Published Thursday, June 10, 2021
Reflecting On Organized Labor's ‘Efforts To Defend’ Democracy Editor’s Note: The following was signed by these Labor Leaders & Activists: Ed Bruno, Southern Workers Assembly; Gene Bruskin, National Writers Union; Michael Eisenscher; Peralta Federation of Teachers/American Federation of Teachers (AFT) Local 1603, retired; Jonah Furman, former National Labor Organizer, Bernie 2020; Norine Gutekanst, Chicago Teachers Union, retired; Alex Han, Bargaining for the Common Good; Barbara Madeloni,; and Carl Rosen, General President, United Electrical, Machine and Radio Workers of America (UE).


Labor Action to Defend Democracy came together in the Fall of 2020 in response to the growing threat of an attempted coup by Republican President Donald Trump and his supporters if the November Presidential Election did not go his way.

After four years of relentless lying and distortion from the Trump Administration, designed to incite his supporters to violence, we assessed that it was possible that a mass action in the streets could become necessary to defend a fair election.

Further, we knew Organized Labor needed to be a part of such actions and prepared to initiate strikes if it became necessary.

Our choice to invite Labor Leaders into conversation outside of the institutional structures was informed by the response those institutions had to the Bush-Gore election of 2000.

At that time, National Union Leadership, instead of organizing Workers to stop the stealing of the election, bowed to the wishes of the Democratic Party and did not organize.

This time, we wanted labor to be prepared to take action independent of directives from either the National AFL-CIO or the Democratic Party.

An informal committee came together to create a network of Labor Leaders who shared our assessment of the threat and the need to prepare for a response.

We called weekly meetings, building the network through sharing of the link, lists, and word of mouth invitations.

In these meetings we:

Reported on and were able to track resolutions passed by Unions and Central Labor Councils (CLCs) exhorting Members to be prepared for action in the face of a coup.

Shared information about preparations for rallies where Labor could join with community allies.

Encouraged regional organizing efforts.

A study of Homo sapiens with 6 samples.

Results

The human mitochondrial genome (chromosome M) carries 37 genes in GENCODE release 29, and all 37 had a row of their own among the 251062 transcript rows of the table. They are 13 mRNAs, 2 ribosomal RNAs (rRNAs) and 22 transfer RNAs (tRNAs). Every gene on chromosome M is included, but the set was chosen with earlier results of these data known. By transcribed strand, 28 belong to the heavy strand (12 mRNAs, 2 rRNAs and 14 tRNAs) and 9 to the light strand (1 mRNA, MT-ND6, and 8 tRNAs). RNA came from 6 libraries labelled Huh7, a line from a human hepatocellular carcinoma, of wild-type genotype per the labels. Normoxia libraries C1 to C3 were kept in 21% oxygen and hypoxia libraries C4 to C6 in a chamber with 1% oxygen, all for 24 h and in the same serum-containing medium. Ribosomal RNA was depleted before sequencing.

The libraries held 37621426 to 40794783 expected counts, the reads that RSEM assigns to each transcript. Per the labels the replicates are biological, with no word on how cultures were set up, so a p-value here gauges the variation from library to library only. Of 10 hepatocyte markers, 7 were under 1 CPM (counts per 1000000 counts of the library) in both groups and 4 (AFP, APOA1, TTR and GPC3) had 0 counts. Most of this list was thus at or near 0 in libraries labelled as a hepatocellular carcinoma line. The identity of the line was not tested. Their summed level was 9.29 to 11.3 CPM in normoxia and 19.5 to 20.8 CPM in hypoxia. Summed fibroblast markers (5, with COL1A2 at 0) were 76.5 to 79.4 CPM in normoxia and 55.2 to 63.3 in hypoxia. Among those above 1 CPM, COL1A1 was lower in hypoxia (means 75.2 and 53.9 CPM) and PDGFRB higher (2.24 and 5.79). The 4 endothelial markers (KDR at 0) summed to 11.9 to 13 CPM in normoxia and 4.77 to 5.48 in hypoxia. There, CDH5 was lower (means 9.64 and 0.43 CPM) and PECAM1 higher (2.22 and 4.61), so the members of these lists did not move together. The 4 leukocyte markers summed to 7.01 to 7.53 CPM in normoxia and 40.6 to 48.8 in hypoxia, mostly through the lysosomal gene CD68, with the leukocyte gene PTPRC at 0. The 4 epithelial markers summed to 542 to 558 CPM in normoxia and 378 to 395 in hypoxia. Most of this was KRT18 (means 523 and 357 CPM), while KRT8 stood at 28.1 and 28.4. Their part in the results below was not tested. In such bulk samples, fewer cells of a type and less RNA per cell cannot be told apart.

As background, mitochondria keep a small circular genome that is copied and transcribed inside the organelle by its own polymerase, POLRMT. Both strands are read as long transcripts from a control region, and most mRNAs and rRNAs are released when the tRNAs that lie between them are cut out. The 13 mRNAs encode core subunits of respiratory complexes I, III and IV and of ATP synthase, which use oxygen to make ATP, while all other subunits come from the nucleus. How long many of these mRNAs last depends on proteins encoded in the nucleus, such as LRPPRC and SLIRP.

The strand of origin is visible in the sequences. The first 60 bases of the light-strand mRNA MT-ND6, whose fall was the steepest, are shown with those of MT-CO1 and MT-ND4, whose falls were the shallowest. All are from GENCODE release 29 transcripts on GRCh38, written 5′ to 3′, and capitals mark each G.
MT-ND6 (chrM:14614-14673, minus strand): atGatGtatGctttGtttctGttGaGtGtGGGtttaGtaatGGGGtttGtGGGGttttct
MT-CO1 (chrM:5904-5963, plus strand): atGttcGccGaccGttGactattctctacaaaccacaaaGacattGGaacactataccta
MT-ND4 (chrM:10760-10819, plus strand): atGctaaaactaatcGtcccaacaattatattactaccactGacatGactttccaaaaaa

Heard from Locals where organizing efforts were taking place.

From these meetings we disseminated information, invited people to take a pledge to defend Democracy, and shared resolutions, plans for actions, etc.

We also set up a LADD resource page that included sample resolutions and letters, explanations of the steps for ensuring a fair election (and the places this could go wrong), articles, and other resources, including links to other groups engaged in organizing.

Altogether, 501 individuals signed pledge cards.

At the height of activity, leading up to and right after the election, we had more than 130 people from across the country on calls, from organizations representing hundreds of thousands of Workers.

We shared 37 resolutions passed by Central Labor Councils and local Unions.

More than 400 people logged on at some point over our 11 meetings.

These included leaders from three State Labor Federations, the United Electrical Workers (UE), United Teachers Los Angeles, the Association of Flight Attendants (AFA), UNITE HERE, a handful of representatives from CLCs or Area Labor Federations, Service Employees International Union (SEIU) 1199 New England, the Massachusetts Teachers Association, the Chicago Teachers Union, the NewsGuild, and Locals of the Amalgamated Transit Union (ATU), the United Auto Workers (UAW), the United Food & Commercial Workers (UFCW), the American Federation of State, County & Municipal Employees (AFSCME), the American Postal Workers Union (APWU), and more.